It's turning into a war of images, where Keiko's obvious pleasure with the place and company he has found is certainly a set-back for the experts who need to prove that he'd be better off in the wild.
"We think people have to take responsibility for what they have done to Keiko by holding him in captivity," said Siri Relling of the Norwegian Federation for Animal Protection. "Let Keiko have a fjord. It's better to have a large fjord than a small aquarium."
From Monterey Herald.com
The poor scientist who dared to say that if Keiko can't handle living in the wild, he should be killed rather than continue suffering, has become the target of indignation all over the world. It's no wonder he's not available, because his quite sensible comments about giving Keiko a painless death if the alternative was long-term suffering have been taken out of context and turned into the headline in papers all over the world. Siri Relling's comment, which mirrors the most common Norwegian reaction to Keiko's appearance is rarely mentioned - and when it is: in the bottom line.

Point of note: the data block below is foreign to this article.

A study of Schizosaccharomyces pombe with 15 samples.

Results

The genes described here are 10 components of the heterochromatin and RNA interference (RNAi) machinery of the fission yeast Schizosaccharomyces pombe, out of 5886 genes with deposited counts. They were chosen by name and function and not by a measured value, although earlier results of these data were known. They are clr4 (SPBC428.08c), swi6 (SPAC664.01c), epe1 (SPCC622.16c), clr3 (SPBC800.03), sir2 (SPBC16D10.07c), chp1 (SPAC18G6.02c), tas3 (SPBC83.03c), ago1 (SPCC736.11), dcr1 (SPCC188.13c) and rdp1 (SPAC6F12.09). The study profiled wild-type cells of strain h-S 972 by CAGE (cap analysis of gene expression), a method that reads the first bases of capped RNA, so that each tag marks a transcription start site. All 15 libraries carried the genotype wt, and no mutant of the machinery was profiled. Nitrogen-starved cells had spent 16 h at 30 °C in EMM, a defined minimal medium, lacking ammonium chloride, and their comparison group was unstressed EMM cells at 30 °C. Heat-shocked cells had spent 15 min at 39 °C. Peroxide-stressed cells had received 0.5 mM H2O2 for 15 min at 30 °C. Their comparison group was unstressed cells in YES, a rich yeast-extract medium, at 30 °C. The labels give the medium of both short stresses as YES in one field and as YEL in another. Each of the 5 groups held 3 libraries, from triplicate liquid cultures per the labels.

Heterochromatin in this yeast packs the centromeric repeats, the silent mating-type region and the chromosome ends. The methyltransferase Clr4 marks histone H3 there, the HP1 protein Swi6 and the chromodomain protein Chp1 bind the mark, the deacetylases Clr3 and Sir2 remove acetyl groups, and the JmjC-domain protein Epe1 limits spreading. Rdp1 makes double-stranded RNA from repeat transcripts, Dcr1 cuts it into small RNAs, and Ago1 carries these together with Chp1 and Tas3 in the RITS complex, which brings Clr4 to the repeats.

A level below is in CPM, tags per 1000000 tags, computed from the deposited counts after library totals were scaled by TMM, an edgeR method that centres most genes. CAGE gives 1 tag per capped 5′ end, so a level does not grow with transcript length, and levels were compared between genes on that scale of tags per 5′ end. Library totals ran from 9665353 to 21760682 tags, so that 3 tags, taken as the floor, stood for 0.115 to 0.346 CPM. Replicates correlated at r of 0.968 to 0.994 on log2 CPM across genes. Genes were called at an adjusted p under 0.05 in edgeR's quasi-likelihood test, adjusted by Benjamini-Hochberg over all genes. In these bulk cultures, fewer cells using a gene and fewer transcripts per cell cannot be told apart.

From todays Norwegian broadcast: People living along the fjords don't consider feeding a tame orca (50-70 kilo fish a day) through the winter an economic burden, and are happy to offer a fjord as his aquarium. Norwegian fjords are deep, cut far into the country and are sheltered from the extreme weather of the fjord on Island where he has been kept the last years, and are rich on fish all through the year. Morst of them also don't freeze over, and the orca is a normal part of the fauna.
Behind this is of course a touch of economic interest - imagine what an attraction he would be. But isn't there a slight taint of economic interest from the association involved in "saving" Keiko? Already they have spent 20 000 000 $. How many people live off donations generated by the popularity of the film in order to maintain the effort to return Keiko to the wild?